Research into health disorders makes for a great ‘fish story’
Photo by Lori Bassett, Greenwood Genetic Center
By all appearances, it would seem that fish have little in common with people, but when it comes to genetic research, there can be striking similarities.
“Eighty-four percent of genes associated with human disease has a zebrafish counterpart. They develop outside the body and are completely transparent when they are embryos,” says Southern Wesleyan University Pre Med graduate Chelsi Stevenson Jeter. As a research technologist at Greenwood Genetic Center, Jeter cares for and researches 8,000 zebrafish in the center’s Allin Aquaculture Facility.
Jeter originally intended to enter medical school, then realized it wasn’t for her. She had been a lab assistant as a student and, for her honors project, she studied rats for a project devoted to treating drug addiction. Recalling these experiences, she felt led to pursue research work in a laboratory. Jeter remembered a presentation on genetic counseling during one of her classes at Southern Wesleyan and proceeded to apply for a biochemistry job at Greenwood Genetic Center. She wasn’t hired for the position, but was offered a research position instead.
“I had some experience working in the microbiology lab at Southern Wesleyan, so I thought that maybe growing human cells on plates wouldn’t be that far from growing bacteria. I was hired to work in tissue culture, then about a year after that, they built the aquaculture facility and needed somebody to run it,” Jeter said. “When they were bringing thousands of fish from Georgia here, the facility wasn’t 100 percent completed yet. I spent a lot of time by myself downstairs trying to set up things making sure the fish were okay.”
Jeter’s colleagues nicknamed her “The Fish Whisperer” since her work revolves around maintaining a system of hundreds of tanks containing thousands of zebrafish, ensuring their environment is carefully controlled and that the right number of fish occupy each tank. Zebrafish, tiny fish that are similar to minnows and native to the Himalayas, are useful in medical research for many reasons.
“A single fish can lay hundreds of eggs every week. That’s been useful for testing drugs that have the potential for treating diseases. Since we can watch them from the very beginning – as soon as that egg is fertilized - we can study pediatric disorders. If a mouse has babies, they develop partially inside bodies, so you can’t watch the earliest stages of life, but with zebrafish you can,” Jeter said. “We study very rare disorders. We use something called TALENs (Transcription Activator Like Effector Nuclease), which is basically gene editing technology.”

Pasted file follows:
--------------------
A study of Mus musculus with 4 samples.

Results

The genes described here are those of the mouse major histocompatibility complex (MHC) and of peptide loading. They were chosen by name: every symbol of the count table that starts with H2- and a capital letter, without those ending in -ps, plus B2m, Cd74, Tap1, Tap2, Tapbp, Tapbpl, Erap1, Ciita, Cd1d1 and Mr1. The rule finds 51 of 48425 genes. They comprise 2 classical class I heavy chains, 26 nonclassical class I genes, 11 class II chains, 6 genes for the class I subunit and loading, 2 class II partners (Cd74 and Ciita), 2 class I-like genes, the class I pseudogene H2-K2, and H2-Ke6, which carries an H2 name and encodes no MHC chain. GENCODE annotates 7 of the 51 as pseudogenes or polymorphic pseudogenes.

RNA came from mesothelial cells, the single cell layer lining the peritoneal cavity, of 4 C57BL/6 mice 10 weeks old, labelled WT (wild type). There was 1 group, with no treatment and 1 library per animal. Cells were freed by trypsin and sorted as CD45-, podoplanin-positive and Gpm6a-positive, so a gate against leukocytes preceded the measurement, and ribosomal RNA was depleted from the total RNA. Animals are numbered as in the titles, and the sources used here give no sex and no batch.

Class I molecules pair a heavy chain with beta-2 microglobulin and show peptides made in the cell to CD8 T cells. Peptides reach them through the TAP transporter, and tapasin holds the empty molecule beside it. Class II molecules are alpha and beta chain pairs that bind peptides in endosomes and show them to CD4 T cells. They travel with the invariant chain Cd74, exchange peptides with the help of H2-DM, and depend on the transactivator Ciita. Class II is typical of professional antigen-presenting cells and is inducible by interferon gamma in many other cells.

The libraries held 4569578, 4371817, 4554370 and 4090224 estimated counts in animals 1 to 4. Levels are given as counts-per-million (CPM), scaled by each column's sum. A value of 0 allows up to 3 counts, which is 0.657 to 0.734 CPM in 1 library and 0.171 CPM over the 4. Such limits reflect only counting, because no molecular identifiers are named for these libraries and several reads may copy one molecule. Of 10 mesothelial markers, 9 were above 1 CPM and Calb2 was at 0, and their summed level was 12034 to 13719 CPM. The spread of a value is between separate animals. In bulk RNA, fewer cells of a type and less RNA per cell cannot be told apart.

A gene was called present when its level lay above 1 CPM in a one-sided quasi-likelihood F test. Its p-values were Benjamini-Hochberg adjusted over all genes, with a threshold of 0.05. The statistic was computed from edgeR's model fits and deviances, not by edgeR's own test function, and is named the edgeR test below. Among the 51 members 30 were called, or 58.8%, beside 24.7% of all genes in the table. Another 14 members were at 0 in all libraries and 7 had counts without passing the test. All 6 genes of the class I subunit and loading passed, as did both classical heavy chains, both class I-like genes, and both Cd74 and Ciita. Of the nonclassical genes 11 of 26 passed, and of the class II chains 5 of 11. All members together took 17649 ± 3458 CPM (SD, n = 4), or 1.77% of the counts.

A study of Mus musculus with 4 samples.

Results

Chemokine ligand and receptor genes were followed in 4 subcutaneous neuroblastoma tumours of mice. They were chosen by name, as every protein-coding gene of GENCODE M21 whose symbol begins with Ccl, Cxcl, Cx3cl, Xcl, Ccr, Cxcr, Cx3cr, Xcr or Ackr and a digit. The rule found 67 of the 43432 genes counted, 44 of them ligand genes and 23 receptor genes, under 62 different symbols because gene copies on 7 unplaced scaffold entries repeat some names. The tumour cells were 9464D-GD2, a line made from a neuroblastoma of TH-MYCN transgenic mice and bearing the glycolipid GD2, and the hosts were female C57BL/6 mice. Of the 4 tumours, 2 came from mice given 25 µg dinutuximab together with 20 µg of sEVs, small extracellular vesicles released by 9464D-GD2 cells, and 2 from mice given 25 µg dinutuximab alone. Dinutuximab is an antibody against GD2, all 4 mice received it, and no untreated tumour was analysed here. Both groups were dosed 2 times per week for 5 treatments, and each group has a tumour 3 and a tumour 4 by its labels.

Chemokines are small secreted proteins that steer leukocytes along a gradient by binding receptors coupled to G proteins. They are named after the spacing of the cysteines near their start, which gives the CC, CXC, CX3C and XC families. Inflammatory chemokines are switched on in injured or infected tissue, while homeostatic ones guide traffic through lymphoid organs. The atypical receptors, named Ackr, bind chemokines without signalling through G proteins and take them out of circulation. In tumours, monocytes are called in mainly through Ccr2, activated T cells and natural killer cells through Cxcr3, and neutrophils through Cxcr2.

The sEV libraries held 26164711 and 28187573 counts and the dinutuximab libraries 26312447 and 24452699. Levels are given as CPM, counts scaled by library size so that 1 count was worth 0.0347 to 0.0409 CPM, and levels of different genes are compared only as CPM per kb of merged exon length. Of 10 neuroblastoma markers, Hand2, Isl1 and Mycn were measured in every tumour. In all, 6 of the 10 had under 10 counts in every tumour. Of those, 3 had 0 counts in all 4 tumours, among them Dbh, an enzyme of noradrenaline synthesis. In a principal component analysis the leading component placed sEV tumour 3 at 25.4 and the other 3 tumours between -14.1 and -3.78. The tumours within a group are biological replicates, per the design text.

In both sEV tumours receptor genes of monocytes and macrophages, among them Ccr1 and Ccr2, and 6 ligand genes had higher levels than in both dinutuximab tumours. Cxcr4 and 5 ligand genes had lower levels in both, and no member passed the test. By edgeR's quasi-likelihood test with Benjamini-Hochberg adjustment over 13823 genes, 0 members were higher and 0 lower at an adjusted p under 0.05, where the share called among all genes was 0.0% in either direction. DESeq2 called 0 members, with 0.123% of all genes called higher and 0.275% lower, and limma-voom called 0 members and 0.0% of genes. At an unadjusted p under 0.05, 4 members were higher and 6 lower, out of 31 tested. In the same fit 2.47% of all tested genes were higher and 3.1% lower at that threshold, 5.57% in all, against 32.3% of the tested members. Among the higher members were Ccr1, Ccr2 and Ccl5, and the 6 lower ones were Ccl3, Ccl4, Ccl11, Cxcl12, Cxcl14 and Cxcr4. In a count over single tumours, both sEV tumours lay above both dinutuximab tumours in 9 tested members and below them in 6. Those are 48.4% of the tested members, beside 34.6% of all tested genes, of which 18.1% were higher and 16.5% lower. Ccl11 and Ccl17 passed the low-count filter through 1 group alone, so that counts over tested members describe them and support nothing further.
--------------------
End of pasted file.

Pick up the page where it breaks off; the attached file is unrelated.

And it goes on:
Jeter feels privileged to be part of an exciting field and a facility that treats patients from around the world. Dr. Walt Sinnamon, biology professor and retired Dean of the College of Arts and Science, considers Jeter one of his top students ever.
“I am in my 33rd year at Southern Wesleyan University and Chelsi is certainly within the top five to ten percent of students in terms of motivation and doing well academically,” Sinnamon said. “Chelsi is usually looking for ways to do things better and improve. She has a solid work ethic, and service is important to her.”
Recalling her days as a student, Jeter said, “Every professor that I had at Southern Wesleyan was so patient taking time with students to make sure they understand the material and we knew that they actually cared about us and our future. That’s really important in molding a future scientist.”
“I feel it’s a very fulfilling job to make these discoveries that nobody has ever made before and to work on these rare genetic disorders,” Jeter said. Working in the lab, she describes moments that are as rewarding as they are breathtaking.
“There are certain fish lines that have florescent molecules attached to particular proteins that will glow under fluorescent light. Not all zebrafish have this, this has been introduced in the lab. Looking at it under the microscope I almost started crying, just thinking about how wonderful God’s creation is and how He has allowed us to study human disease and animals that are similar enough to us that we can look for treatments – how amazing that it all fits together,” Jeter said.